I got an email the other day saying that I am now the most influential person in the UK, not just for FinTech … but for technology in general. I was and am shocked.
I don’t really subscribe to influencer lists, as most do not take into account the readership of the blog (they just use social media rankings), but this was pretty flattering, especially as I beat Richard Branson and Simon Taylor, so … here’s the press release.
Size doesn’t matter when it comes to influence
This year’s Tyto Tech 500 Power List shows individuals and founders exert more influence in the UK tech sector than leaders from big corporates
- 80% of the top 500 influencers are individuals, founders or represent smaller organisations
- No FTSE 100 companies are represented in the top 100
Today, European tech PR agency, Tyto publishes its second annual Tech 500 Power List, revealing the most influential individuals in the UK tech sector.
The ‘Tech 500’, which is the only impartial data-driven influence study in the UK tech sector, shows that small company leaders and independent tech evangelists are outranking representatives of large tech firms when it comes to being heard. In fact, only 13 FTSE 100 companies had any representatives at all among the top 500.
80% of the individuals on the Tech 500 are independent or from smaller organisations, suggesting that working for a major firm doesn’t necessarily equate to increasing your personal influence. In fact, among the Tech 100, there were no individuals from FTSE 100 companies, as even last year’s overall top influencer Stephen Kelly has since departed his role at Sage.
The top 10 influencers for 2018 are:
|1||Chris Skinner – Blogger||199|
|2||Graham Cluley – Self Employed||38|
|3||Stephen Kelly – Entrepreneur Investor||1|
|4||Simon Taylor – 11:FS||46|
|5||Bill Buchanan – Napier University||54|
|6||Emma Jones – Enterprise Nations||215|
|7||Mike Butcher – TechCrunch||2|
|8||Anne Boden – Starling Bank||6|
|9||Reshma Sohoni – Seedcamp||47|
|10||Jamie Burke – Outlier Ventures||NEW||–|
Brendon Craigie, Co-founder and Managing Partner of Tyto, commented:
“The lack of major tech firms on year’s Tyto Tech 500 Power List, shows that the size of your marketing and public relations budget does not guarantee you a position of influence. Individuals and smaller organisations who are passionate, committed and purposeful, have an equal if not better chance of making a major contribution to the direction of the UK tech sector. This is evidence that the UK tech sector is a dynamic environment, where innovation thrives.”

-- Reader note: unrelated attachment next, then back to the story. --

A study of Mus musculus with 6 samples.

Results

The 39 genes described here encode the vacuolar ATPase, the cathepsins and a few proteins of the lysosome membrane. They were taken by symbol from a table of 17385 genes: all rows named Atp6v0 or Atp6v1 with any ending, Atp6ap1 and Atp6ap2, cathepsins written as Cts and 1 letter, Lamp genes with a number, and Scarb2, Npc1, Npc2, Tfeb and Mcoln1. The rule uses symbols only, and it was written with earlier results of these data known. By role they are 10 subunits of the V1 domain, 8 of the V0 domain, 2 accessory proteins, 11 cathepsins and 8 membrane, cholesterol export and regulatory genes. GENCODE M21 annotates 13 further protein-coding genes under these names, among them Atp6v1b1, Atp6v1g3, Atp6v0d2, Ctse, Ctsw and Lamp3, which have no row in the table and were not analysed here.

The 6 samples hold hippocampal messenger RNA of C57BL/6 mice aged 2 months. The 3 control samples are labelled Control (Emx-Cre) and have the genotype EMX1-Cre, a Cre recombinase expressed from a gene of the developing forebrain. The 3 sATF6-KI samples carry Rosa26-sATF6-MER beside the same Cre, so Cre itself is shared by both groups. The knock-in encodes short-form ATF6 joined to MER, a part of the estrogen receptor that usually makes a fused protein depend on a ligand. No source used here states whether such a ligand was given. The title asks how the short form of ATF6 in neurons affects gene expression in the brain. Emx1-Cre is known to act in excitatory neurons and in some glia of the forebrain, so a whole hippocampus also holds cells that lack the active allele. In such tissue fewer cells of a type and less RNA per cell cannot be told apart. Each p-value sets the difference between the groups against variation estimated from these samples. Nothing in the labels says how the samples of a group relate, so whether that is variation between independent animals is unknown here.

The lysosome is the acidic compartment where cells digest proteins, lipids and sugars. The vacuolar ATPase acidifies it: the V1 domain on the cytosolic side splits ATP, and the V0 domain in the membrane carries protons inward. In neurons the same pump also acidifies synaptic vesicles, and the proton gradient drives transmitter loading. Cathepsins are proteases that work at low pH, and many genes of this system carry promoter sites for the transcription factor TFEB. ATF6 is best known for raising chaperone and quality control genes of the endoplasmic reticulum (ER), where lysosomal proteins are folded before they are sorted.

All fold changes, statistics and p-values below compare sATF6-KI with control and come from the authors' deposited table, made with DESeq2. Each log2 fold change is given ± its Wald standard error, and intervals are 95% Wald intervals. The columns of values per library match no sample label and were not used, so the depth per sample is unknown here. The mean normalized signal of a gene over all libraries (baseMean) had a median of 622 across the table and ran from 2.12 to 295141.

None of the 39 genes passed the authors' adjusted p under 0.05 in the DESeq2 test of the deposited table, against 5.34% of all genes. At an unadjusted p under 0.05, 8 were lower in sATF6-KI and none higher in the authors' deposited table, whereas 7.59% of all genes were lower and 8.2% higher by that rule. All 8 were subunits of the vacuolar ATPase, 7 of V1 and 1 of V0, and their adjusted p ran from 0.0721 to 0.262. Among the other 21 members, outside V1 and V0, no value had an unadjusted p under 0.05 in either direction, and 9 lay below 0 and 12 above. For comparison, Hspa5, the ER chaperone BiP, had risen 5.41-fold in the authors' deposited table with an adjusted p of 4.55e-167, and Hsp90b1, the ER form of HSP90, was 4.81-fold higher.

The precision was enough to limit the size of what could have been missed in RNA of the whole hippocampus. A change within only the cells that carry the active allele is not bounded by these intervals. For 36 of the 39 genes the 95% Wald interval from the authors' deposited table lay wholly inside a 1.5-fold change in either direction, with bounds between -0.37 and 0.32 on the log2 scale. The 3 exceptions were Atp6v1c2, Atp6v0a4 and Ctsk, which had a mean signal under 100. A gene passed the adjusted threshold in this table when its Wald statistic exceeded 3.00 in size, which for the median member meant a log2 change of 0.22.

The Tyto Tech 500 Power List was created in partnership with delineate, using a five-stage data-driven analysis process, assessing an individual’s traditional and social media influence as well as prominence at public events.
To see the Tech 50 or download the Tech 100 visit: www.tytopr.com/powerlist
The Tyto Tech 500 Power List 2018 found FinTech to be by far the most prolific sector.
Aside from those falling into the ‘general tech’ subsector (28%), no other sector comes near to FinTech in terms of the number of people who made this year’s list. Key opinion formers in FinTech make up 19% of this year’s list, while no other sector comprises more than 6% of the overall 500. Not only does the sector continue to dominate others such as AI, SecureTech and RetailTech, but numbers are growing. Last year FinTech was the largest sector in the rankings, with 74 entrants. This year, that number has grown to 95.
The make-up of the ranking, which is based on earned media coverage, social media activity and conference circuit profile also makes for interesting reading:
- 79 of the FinTech entrants are business leaders, eight are journalists, seven are venture capitalists and one is an academic;
- The gender gap remains stubbornly similar to last year with only 25% of the 95 FinTech influencers being women. Sadly, the number of women in the top Tech 50 FinTech entrants has declined, with only nine women in the top 50 compared to last year’s 15.
- 49 of this year’s 95 are new entrants to the list. These include Megan Caywood, Chief Platform Officer at Starling Bank, Jaidev Janardana, CEO of Zopa, and Anil Stocker, Co-founder and CEO of MarketInvoice.
Further key trends revealed by this year’s study include:
Influencers are becoming more influential
The raw scores used to determine the ranking of the Tech 500 have increased by an average of 45% compared with 2017, suggesting that the UK’s tech influencers are in fact becoming more influential. Several names have achieved the same scores as 2017, but have slipped down in the rankings as the environment becomes more competitive.
95 of the Tech 500 influencers come from the FinTech sector, equal to a 19% share. No other sub-sector made up more than 6% of the overall list and fintech influencers made up 30% of the top 10.
The gender gap narrows (a little)
31% of this year’s list is made up by women, and increase from 24% in 2017, showing hopeful signs that there is an increasing platform for women to rise to the top in tech.
Business leaders grow their authority
68% of this year’s Tech 500 is made up of business leaders, an increase on 60% in 2017. Conversely, while journalists still retain the number two spot by sub-group with 18%, they have slipped down from 24% last year, reflecting a challenging year for the media industry more broadly.